World-first technology developed at Griffith University is harnessing the remarkable properties of graphene and could launch the next generation of mass produced, low-cost micro-devices.
Dr Francesca Iacopi’s novel micro-fabrication process enables production-scale manufacturing of a superior and versatile material that companies can use to commercially produce sensor devices that are biocompatible, chemically resistant and highly sensitive.
The US Air Force is already providing some funding for Dr Iacopi’s work.
“We believe this process will change the way we live by providing the ultimate in device miniaturisation,” says Dr Iacopi, from Griffith’s Queensland Micro- and Nanotechnology Centre (QMNC).
“It will influence a lot of different sectors because many modern applications relying on micro- and nano-devices will be able to advance by incorporating this technology.
“For example, medicine is just one area where this technology can be applied. Someone with diabetes could have a nanochip – mass produced with the help of our micro-fabrication process – sitting on their skin, continuously monitoring their blood and relaying any changes directly to a doctor.”
Already the recipient of a prestigious Global Innovation Award at the TechConnect World Innovation Conference & Expo in Washington DC in June, Dr Iacopi’s breakthrough process resolves a long-running dilemma regarding the use of graphene.
First isolated in the laboratory about a decade ago, graphene is pure carbon and one of the thinnest, lightest and strongest materials known to humankind. A supreme conductor of electricity and heat, much has been written about its mechanical, electrical, thermal and optical properties and the possibilities regarding the fabrication of new and advanced micro-devices.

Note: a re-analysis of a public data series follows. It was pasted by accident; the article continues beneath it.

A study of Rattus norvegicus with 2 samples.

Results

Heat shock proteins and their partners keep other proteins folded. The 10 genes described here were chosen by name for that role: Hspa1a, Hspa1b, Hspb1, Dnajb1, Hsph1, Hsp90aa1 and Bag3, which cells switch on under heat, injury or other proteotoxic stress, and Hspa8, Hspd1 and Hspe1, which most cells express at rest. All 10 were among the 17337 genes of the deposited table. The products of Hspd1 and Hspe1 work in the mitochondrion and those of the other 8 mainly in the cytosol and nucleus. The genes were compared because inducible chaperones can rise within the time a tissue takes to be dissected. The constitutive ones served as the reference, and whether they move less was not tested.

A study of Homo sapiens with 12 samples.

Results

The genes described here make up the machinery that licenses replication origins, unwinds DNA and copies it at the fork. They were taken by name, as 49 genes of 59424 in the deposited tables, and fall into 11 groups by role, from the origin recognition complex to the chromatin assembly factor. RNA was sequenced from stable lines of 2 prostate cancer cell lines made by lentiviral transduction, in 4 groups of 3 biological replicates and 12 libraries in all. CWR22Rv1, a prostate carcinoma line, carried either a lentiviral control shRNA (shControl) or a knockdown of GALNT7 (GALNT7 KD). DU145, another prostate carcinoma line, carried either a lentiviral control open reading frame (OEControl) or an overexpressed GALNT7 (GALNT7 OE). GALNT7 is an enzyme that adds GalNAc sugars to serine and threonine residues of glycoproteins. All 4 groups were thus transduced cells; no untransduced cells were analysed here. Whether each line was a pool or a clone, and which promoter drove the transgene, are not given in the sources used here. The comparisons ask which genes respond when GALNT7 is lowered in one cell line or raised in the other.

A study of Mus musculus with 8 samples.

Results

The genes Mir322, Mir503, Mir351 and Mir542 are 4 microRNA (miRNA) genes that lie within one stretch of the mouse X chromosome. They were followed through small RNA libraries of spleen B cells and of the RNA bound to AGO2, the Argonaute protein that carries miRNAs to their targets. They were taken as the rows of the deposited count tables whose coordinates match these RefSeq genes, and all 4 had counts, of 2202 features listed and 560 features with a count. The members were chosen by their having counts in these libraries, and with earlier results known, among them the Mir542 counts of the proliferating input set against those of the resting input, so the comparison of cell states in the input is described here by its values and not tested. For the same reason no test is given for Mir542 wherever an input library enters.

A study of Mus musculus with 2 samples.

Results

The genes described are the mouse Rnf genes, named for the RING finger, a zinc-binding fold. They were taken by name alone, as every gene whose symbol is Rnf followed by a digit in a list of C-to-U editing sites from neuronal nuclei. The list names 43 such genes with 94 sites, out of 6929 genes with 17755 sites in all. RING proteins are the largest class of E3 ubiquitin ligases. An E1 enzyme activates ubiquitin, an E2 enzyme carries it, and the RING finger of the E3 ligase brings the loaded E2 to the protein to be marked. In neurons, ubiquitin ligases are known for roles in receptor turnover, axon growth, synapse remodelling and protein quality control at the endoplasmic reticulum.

However, progress so far has been stymied due to the difficulty in synthesising high quality graphene on to Silicon (Si) wafers to enable cost-effective mass production of such devices.
That problem has now been overcome and the ramifications extend throughout the industrial and technological spectrum.
Working with three PhDs, a postdoctorate, national and international collaborators and the world-leading facilities at Griffith’s Queensland Microtechnology Facility (QMF), Dr Iacopi has successfully:
. developed a novel low temperature process to synthesise graphene by using a metal alloy catalyst that produces a continuous, high quality, controllable graphene film, and;
. developed a strategy for patterning graphene in such a way it will grow only on a pre-patterned Silicon Carbide (SiC) layer on Silicon.
“Until now, high quality graphene was restricted to the use of expensive SiC wafers or the use of complicated transfer procedures to Silicon wafers. A cheaper substrate and a simpler methodology was badly needed to ensure the micro-devices would be cost-competitive,” says Dr Iacopi, who is also a Future Fellow from the Australian Research Council.
“At Griffith, and with help from the Australian National Fabrication Facility (ANFF), we were the first to develop a method for depositing a very high quality thin layer of SiC on to 300mm Si wafers.
“This work is still very early but the prospects are very exciting and broad-ranging.”
Dr Iacopi and her team have already begun seeking industry partners to leverage the technology in an industrial type of product.
Meanwhile, Dr Iacopi’s success at TechConnect follows a similar achievement by Griffith’s Mr Madhu Neeli and Professor David Thiel in 2013 for their Circuits in Plastics technology.
In September, Dr Iacopi will travel to Seattle in the US to address the 4th International Symposium on Graphene Devices.